IT was in conversation with a former student of mine that my thoughts drifted towards this article. Dr Kate Evans has been working in Botswana, with her husband, in researching the behaviour and patterns of movement of African elephants for many years. She inaugurated the Elephants for Africa Trust Fund. I once had the great pleasure to teach Dr Evans about vegetation and wildlife on the African savannahs and much later in my life got very close to African elephants in their natural habitat in the Masai Mara Game Reserve in Western Kenya.
My fascination for the Borneo pygmy elephant (Elephas maximus borneensis) became a reality 11 and 12 years ago in leading two expeditions of UK students to Danum Valley and along the lower Kinabatangan River in eastern Sabah.
Whilst driving along a logging track, I observed fresh elephant dung and, as elusive as ever, there was not a single sighting of my friends. Clearly, as the dung was still steaming, the elephants had recently used the logging track in the early morning mists to cross from one section of the dipterocarp forest to another.
Dr Evans, in her research for her PhD, was one of the first pachydermists in the world to track elephants, in Botswana, with the use of the global positioning system (GPS) by attaching transmitting collars to male elephants.
For a year – 2005 to 2006 – five female Borneo pygmy elephants were tracked by satellite to come up with a plan for their protection in eastern Sabah. This was sponsored by the Sabah Wildlife Department, the Worldwide Fund for Nature (WWF) – International, and the Asian Rhino and Elephant Action Strategy (Areas) WWF – Malaysia.
These elephants are usually located on the floodplain tributaries and middle catchment areas of the Kinabatangan River and in the Danum Valley. Often they migrate across the human border into East Kalimantan (Indonesia).
Smaller by some 600 centimetres to one metre than their other Asian counterparts, and less aggressive, they have rounded faces, larger ears and longer tails, which sometimes sweep the ground. They are a chubbier species of elephant.
As their forest habitat shrinks, despite the creation of elephant corridors, as plantations take over the land, they often confront humans over food needs to guzzle crops in particular, leading to the beating of gongs and even fireworks to scare them away.
Long thought to be feral remnants of a domesticated herd of Javan elephants donated to the Sultan of Sulu in the 17th century, owing to their non-aggressive behaviour and semi-tamed nature, this theory has now been disproved. Interestingly Javan elephants on Java are long extinct.
DNA analysis in a 2003 joint research project between Columbia State University (USA) and WWF established that our Bornean pygmy elephants are genetically different from other Asian elephants and became isolated from the Asian mainland population of elephants some 300,000 years ago. Thus the Borneo pygmy elephant is a subspecies endemic to areas of Borneo. This research was based on the analysis of elephant dung.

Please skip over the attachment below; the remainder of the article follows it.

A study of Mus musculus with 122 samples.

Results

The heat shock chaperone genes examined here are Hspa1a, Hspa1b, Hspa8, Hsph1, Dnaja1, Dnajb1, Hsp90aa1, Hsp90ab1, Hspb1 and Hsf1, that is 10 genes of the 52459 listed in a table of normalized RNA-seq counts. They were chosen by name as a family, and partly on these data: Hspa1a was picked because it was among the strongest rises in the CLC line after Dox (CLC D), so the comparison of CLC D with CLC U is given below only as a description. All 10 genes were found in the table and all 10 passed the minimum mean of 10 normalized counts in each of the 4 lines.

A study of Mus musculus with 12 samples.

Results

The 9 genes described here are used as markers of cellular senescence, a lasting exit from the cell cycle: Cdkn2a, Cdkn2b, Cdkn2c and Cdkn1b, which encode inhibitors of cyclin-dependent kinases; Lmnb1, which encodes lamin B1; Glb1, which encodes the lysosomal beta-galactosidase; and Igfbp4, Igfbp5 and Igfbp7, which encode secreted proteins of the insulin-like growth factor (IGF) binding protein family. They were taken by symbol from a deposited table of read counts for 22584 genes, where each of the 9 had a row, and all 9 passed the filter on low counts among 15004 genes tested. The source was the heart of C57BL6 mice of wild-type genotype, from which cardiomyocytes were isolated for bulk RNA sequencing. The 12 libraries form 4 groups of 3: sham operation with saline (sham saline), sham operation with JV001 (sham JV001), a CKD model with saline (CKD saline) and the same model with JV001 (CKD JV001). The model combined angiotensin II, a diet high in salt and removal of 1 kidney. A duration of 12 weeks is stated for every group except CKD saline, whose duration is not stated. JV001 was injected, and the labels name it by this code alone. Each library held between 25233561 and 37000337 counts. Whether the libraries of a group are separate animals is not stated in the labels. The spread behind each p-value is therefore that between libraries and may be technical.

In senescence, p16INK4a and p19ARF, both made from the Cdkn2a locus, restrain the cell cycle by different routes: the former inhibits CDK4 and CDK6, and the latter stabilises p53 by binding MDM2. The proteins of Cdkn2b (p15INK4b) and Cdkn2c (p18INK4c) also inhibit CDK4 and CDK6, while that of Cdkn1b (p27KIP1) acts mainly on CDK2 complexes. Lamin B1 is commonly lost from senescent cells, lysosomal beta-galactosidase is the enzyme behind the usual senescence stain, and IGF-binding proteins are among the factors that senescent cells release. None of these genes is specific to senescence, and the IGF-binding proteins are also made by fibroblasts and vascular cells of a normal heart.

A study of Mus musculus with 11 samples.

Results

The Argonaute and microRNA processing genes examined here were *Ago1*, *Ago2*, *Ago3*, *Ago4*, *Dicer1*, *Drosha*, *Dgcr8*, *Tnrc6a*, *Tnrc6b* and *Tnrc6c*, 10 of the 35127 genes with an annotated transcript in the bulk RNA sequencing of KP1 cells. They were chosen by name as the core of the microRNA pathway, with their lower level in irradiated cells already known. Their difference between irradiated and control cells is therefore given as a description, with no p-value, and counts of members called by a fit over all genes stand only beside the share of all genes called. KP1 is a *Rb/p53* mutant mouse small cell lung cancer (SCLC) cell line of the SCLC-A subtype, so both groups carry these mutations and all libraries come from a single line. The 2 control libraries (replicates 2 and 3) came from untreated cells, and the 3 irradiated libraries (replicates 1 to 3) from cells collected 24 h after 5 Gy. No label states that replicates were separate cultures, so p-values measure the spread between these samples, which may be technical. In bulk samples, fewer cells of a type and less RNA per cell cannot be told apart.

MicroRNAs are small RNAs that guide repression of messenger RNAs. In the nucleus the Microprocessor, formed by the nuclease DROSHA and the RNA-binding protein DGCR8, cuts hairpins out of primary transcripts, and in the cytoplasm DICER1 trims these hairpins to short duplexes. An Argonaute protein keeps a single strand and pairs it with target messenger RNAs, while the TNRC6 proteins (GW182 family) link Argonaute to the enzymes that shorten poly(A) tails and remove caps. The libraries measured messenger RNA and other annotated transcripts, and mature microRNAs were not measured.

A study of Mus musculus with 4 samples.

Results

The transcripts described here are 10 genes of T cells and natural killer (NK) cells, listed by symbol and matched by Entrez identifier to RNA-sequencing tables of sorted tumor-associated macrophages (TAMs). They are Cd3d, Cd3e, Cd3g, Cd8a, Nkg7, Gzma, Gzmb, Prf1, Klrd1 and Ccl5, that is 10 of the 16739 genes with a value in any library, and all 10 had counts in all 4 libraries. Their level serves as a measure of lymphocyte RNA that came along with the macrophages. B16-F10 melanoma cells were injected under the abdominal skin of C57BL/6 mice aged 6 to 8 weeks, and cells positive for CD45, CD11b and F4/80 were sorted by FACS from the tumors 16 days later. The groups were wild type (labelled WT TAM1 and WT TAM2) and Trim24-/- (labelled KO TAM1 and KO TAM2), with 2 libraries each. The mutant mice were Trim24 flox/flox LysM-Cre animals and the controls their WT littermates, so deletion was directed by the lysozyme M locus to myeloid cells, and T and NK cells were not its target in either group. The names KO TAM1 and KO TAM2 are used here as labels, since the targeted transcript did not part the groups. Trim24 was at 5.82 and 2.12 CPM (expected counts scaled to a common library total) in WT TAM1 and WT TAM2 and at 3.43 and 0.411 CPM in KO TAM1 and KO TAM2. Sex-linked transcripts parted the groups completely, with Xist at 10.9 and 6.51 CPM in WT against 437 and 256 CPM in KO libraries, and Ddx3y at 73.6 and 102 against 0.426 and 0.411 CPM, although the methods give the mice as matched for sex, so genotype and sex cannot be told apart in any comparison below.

It is estimated that there are fewer than 1,500 pygmy elephants in Borneo. A dichotomy exists between forest maintenance and the conversion of forests to commercial uses.
Plantations of any crop cannot sustain elephants, for plantations produce per annum more commercial products than age-old forests and even secondary re-growth vegetation. The transnational Heart of Borneo – Malaysia, Brunei and Indonesia – could help ensure the conservation of our tropical rainforests as this initiative aims for sustainable development through the coexistence of man and nature.
These elephants inhabit mixed secondary forest containing grassy areas on highly fertile soils of sedimentary rock derivation but near to rivers. Ideally such an environment should see quality food plants for the elephants’ diet such as grasses, gingers, shrubs, bamboo, creepers, and young woody climbers. Like humans, they opt daily for the easiest route to travel. As their habitat in eastern Sabah is increasingly restricted to forest corridors, it is inevitable that their confrontations with humans will increase.
The WWF has made recommendations on ways of ensuring the survival of the Borneo pygmy elephant:
• All remaining lowland forests, which support wild elephants, should be retained under natural forest management and not converted into plantations.
• Forest disturbance needs to be minimised by limiting the extent and frequency of logging in any given management allocation.
• Plantation workers should be strictly limited in their entry to such forests where elephants are known to exist.
• The present, in between plantation, forest corridors used by elephants need to be identified, maintained by laws of entry and extended or enhanced.
It was also recently reported that a memorandum of understanding to improve wildlife corridors was signed by the Sabah Wildlife Department and the Rhino and Forest Fund.
Time is running out for our unique Borneo pygmy elephant, little seen by researchers but sometimes seen and frightened by people living in the area.
Why do they search out our vegetable plots for food? We, as fellow mammals, have let their numbers fall to near extinction. We should ensure that all our school students from an early age are educated in the areas of environment, ecology and conservation for without imparting knowledge of the unique biodiversity of Borneo, the pygmy elephants will fade into geological history in the same way as hairy mammoths!
For more information on the pygmy elephant of Borneo read ‘Satellite Tracking of Borneo’s Pygmy Elephants June 2005 – June 2006’ at www.wwf.org.my.